During the time when I was teaching at Corpus Christi Junior High School in Leytonstone, we heard about a National Trust holiday site in the West Country, near Falmouth.
It sounded absolutely right for us: we would stay in what had been a coastguard's cottage, the two dogs could come, we would cook for ourselves, and all the beauties of Cornwall would be on the doorstep.
Better still, it really WAS absolutely right for us.
I was so happy there that when we left after our second stay I am ashamed to say I cried; It was as if I knew that we would not go again.
I have only a few photographs, but they may perhaps give you a glimpse of the beauty and peace of the place.
I shall try to describe it for you.
The cottage was on a gorse-covered hill, fronting the sea: beyond the garden wall was the coastal walk which follows the edge of Cornwall and leads to Land's End.
Further down, and not visible from the outlook windows, was a group of cottages which could also be rented, and then a small lighthouse; otherwise, all around was space, sea and sky.
Falmouth was just visible in the far east.
We were, to all intents and purposes, alone; for me,after a life spent between neighbours, the space around me was a gift: I felt free, and time itself seemed to change its pace.
Days there were twice as long; each one was a necklace of peaceful hours.
The Lookout was a red-brick three-storey building rather like a lighthouse.
The kitchen and living-space filled the bottom floor:a spiral staircase with a rope handrail led up to the bedroom on the second floor.There were twin beds, which we lashed together under the mattress as we always slept together,and a shower-room.
The staircase continued until we reached the best room of all, the Lookout itself.
This room was equipped with large viewing windows, and the sun poured in from all sides.
There were comfortable chairs on which we could lounge while we read or drank tea or simply looked out at the shining sea.
Ships would go to and fro, clouds would move across our sky, across the water Falmouth would stretch out in the sun.
There was no need to do anything urgently...
Of course,we did leave the cottage and visit the rest of the world.
There was a tiny village nearby with a long beach and a shop which offered a few souvenirs and basic groceries.
It was here that I bought my first piece of rice-grain porcelain, a blue-and white bowl.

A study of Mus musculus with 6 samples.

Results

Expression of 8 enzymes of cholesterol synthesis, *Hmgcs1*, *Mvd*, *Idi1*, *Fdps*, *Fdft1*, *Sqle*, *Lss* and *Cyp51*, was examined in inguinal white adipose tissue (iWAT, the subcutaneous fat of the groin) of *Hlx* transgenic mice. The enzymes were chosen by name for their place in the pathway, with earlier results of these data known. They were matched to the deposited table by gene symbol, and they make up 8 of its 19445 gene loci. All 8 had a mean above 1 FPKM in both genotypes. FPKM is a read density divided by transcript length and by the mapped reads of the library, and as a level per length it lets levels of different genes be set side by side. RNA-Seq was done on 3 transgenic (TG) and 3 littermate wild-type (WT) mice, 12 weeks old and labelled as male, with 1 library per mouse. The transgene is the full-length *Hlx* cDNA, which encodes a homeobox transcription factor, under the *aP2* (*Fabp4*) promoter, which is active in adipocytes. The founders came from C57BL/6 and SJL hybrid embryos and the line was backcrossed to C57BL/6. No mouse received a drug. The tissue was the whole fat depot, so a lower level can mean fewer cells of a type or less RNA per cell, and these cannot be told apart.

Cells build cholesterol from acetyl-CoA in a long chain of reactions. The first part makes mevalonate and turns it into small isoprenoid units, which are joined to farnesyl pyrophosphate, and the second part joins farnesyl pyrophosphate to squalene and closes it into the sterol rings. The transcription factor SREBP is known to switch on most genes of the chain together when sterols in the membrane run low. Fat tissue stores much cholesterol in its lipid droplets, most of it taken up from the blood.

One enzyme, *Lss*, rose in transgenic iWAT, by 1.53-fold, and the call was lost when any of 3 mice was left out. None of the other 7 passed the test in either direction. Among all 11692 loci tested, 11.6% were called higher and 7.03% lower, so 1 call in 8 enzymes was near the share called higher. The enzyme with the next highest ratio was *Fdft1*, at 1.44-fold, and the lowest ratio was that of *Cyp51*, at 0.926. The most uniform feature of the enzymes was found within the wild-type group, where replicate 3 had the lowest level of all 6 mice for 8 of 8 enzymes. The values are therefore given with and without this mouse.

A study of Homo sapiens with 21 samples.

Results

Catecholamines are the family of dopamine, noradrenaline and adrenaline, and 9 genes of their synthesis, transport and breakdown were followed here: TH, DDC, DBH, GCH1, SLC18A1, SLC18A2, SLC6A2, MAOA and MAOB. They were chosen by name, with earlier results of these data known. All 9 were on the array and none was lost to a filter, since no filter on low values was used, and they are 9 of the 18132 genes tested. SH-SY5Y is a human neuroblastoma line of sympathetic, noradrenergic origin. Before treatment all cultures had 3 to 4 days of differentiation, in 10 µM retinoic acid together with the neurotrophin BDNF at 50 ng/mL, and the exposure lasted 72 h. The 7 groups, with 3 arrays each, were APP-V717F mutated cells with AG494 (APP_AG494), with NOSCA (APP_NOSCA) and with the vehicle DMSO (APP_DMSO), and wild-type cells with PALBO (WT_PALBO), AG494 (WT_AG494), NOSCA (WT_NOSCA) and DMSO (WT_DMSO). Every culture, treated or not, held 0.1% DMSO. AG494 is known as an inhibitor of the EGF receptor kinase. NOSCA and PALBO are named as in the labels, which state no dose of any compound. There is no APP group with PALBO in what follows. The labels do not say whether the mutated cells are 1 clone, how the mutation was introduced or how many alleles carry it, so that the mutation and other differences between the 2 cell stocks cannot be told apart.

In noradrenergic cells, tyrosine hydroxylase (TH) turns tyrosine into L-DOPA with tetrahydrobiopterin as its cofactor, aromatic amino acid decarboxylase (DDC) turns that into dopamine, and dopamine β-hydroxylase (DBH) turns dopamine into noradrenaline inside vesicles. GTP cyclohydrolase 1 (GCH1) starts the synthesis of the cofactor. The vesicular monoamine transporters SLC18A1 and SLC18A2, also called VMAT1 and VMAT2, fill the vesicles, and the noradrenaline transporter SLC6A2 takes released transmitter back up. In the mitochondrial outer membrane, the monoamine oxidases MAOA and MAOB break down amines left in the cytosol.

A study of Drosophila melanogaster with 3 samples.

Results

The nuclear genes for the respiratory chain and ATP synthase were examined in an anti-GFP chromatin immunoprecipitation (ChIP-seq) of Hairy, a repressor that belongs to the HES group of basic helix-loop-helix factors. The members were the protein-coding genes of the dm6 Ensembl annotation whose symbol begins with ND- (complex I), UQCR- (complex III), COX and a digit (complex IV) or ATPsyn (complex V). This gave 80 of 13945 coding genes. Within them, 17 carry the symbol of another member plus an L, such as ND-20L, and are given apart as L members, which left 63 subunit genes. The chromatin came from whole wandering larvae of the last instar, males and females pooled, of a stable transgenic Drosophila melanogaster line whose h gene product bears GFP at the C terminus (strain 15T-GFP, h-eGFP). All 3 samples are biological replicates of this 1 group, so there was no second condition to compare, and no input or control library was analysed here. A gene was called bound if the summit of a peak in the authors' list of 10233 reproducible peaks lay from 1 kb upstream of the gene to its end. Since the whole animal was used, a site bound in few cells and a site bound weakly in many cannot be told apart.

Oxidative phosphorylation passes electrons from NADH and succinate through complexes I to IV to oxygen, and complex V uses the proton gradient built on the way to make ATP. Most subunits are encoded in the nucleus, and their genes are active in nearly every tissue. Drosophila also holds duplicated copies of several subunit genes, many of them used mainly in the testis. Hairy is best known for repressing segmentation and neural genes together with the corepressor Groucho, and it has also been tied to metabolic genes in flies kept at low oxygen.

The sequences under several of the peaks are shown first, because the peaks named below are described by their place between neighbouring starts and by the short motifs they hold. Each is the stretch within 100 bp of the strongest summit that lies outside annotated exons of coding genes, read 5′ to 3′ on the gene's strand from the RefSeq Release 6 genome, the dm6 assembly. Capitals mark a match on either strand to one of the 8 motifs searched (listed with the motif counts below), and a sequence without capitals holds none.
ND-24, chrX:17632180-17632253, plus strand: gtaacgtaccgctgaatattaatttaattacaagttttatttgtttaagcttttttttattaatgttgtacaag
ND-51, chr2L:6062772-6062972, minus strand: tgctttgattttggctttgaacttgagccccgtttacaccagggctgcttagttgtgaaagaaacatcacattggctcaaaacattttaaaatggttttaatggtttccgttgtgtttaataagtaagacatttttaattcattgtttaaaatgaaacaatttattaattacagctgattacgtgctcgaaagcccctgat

The shop-owner told me that it was made by pressing rice-grains into the wet clay; when the article was fired, the rice disintegrated and left a transparent gap.
I absolutely believed that this was true, and have told many people about it since, but apparently the porcelain is pierced before firing, and the glaze fills the holes and results in the 'windows' which let the light through.
I much prefer my original idea, but can no longer believe in it!
The second, and last time we visited the lookout began with a small disaster.
Everything was packed, the alarm was set, and I was about to go to bed when George (always a cautious and protective husband) thought it best to bring the suitcases into the house overnight,for safety.
They were safe in the bedroom the next morning when we set off for the long drive across London...
This was always the most tedious part of our journey, and it was with great relief that we left the city behind and began to feel free as we reached the first of our country roads.
In the back of my mind was the idea that something was not as it should have been,and as I looked back at the two sleeping dogs I suddenly realised what it was.
They had too much room. We had left all our clothes behind!
We were united in thinking that we would NOT turn back.
We had dogmeat supplies and toiletries, and would have to buy basic clothing in Cornwall.
As it happened, we were able to buy everything we needed in Woolworths in Falmouth(where is that wonderful store now?!?!)
I had red corduroy trousers and gymn-shoes,and George got a flashy T-shirt, and we were perfectly equipped,if a little over-casual!
The lovely lady who was in charge of arrangements had as usual set out a brand-new tea-towel and pot-scourer, milk was on the doorstep,and days of peace and pleasure stretched ahead of us.
We were always there in April, the first customers of the year,and at the end of that holiday it snowed!
I was looking out over Falmouth and noticed a creamy-yellow tinge in the sky. I could feel and see that snow was coming.
Imagine standing high up over the sea, and watching the weather move across in shades of grey and gold.
I took photos, but they cannot really do such beauty justice.
The snow fell, grey and light,covering the fields,and the whole world was lit from above.
I really did not want to leave that place behind; I suppose I never actually did...
Those holidays were heaven,and all for eighteen pounds a week!